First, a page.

When No One’s Watching
Since I finished the third book in the Vault of Dreamers series three years ago, I’ve been writing on my own, not under contract. I’ve been free, in other words, to write whatever I want, without deadlines or expectations to pressure me. Of course, I haven’t had a significant income, either, which is not sustainable indefinitely. I’ve been writing on the speculative, eventual payment plan, working with the firm intention of completing a book that can go on submission. This is very different, however, from writing under contract, when, for instance, an 80K-word sequel is due the week after Christmas. I’ve been writing with no one watching.
When no one’s watching, I’m in charge of my ideas and the hours I put in. Some might think it would be easy to slack off, but I don’t. I can’t. My mind needs the energizing puzzling of writing. I can slip into other worlds at will, explore a while, and return. I create lists of possible novel concepts while I weigh which one to expand. I spent half a year on a time-travel loop novel that I couldn’t pull together. After that, I started a project that I hoped would be the opposite of the time-travel book, one with structure and a clear ending to recommend it. Once I went more deeply into the idea, though, the characters demanded that I throw out half the plot and rework the story around them.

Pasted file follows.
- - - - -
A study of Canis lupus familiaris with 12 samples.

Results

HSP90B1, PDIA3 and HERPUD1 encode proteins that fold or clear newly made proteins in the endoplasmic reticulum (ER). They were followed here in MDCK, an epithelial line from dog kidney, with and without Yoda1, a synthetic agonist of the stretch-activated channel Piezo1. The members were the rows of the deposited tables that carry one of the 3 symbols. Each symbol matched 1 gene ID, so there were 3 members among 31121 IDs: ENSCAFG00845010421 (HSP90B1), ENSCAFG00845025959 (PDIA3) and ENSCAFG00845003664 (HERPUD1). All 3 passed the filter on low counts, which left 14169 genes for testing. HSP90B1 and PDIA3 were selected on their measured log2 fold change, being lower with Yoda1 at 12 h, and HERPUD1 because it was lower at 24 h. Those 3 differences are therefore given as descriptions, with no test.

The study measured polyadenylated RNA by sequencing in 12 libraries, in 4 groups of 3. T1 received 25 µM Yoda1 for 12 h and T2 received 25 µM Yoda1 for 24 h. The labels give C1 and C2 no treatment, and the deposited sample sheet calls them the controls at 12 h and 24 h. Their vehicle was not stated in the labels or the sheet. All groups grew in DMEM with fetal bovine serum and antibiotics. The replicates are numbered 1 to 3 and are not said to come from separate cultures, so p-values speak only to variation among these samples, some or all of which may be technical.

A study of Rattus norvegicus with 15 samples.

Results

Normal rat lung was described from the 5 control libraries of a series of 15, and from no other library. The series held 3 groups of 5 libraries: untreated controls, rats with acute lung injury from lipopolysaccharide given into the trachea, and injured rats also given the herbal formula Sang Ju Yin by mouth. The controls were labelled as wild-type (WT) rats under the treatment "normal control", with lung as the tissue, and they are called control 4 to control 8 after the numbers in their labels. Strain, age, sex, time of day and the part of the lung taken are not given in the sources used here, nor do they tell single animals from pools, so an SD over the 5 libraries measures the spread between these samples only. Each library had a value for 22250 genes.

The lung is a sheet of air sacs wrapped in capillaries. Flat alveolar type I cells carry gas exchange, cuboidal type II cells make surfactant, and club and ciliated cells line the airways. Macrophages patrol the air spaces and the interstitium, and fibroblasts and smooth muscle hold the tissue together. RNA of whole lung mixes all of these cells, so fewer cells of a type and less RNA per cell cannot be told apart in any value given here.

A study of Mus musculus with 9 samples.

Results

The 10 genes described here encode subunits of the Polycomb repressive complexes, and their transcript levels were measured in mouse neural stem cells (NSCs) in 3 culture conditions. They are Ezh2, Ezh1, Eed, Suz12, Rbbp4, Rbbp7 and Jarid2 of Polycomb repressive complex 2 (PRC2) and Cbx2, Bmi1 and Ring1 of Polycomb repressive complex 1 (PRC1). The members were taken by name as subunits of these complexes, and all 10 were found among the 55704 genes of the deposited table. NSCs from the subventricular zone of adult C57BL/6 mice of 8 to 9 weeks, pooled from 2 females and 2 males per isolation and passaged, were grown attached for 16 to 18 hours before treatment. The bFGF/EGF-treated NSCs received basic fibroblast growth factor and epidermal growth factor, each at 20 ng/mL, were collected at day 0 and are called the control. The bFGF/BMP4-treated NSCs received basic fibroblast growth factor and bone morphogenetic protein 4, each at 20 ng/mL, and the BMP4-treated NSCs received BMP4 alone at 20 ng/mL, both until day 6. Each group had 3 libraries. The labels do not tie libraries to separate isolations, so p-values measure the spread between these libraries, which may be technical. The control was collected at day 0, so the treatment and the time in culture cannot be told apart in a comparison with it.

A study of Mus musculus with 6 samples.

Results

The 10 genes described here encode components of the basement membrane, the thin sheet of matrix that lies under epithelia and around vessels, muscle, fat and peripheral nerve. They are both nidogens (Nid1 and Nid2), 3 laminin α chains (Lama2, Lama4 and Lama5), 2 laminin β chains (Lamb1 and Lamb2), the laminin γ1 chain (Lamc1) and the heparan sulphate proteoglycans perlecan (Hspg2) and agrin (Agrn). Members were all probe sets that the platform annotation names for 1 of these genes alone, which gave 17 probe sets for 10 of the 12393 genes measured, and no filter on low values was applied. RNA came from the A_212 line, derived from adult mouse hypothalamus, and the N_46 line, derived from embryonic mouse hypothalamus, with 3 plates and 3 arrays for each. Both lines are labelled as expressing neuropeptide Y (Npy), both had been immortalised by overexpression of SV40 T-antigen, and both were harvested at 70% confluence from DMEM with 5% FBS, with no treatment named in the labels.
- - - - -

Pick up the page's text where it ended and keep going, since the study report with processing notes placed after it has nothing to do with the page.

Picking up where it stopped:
So I did. I was hooked. Now I have a book that I simply love. It was worth every setback. It was worth the dark month last August when I nearly quit writing for good. True, it bothers me that it takes me so long to write a novel. I wish I could write one in a year like other writers seem to do. Yet I’m writing. That’s the thing. I’m writing, working, and creating all the time. No one else makes me or watches me. No one judges me.
Even through this quarantine, the work has added up. I’ve reached the point when this book is ready. I sent the latest draft to my agent last week, and I’m expecting him to put it out on submission soon.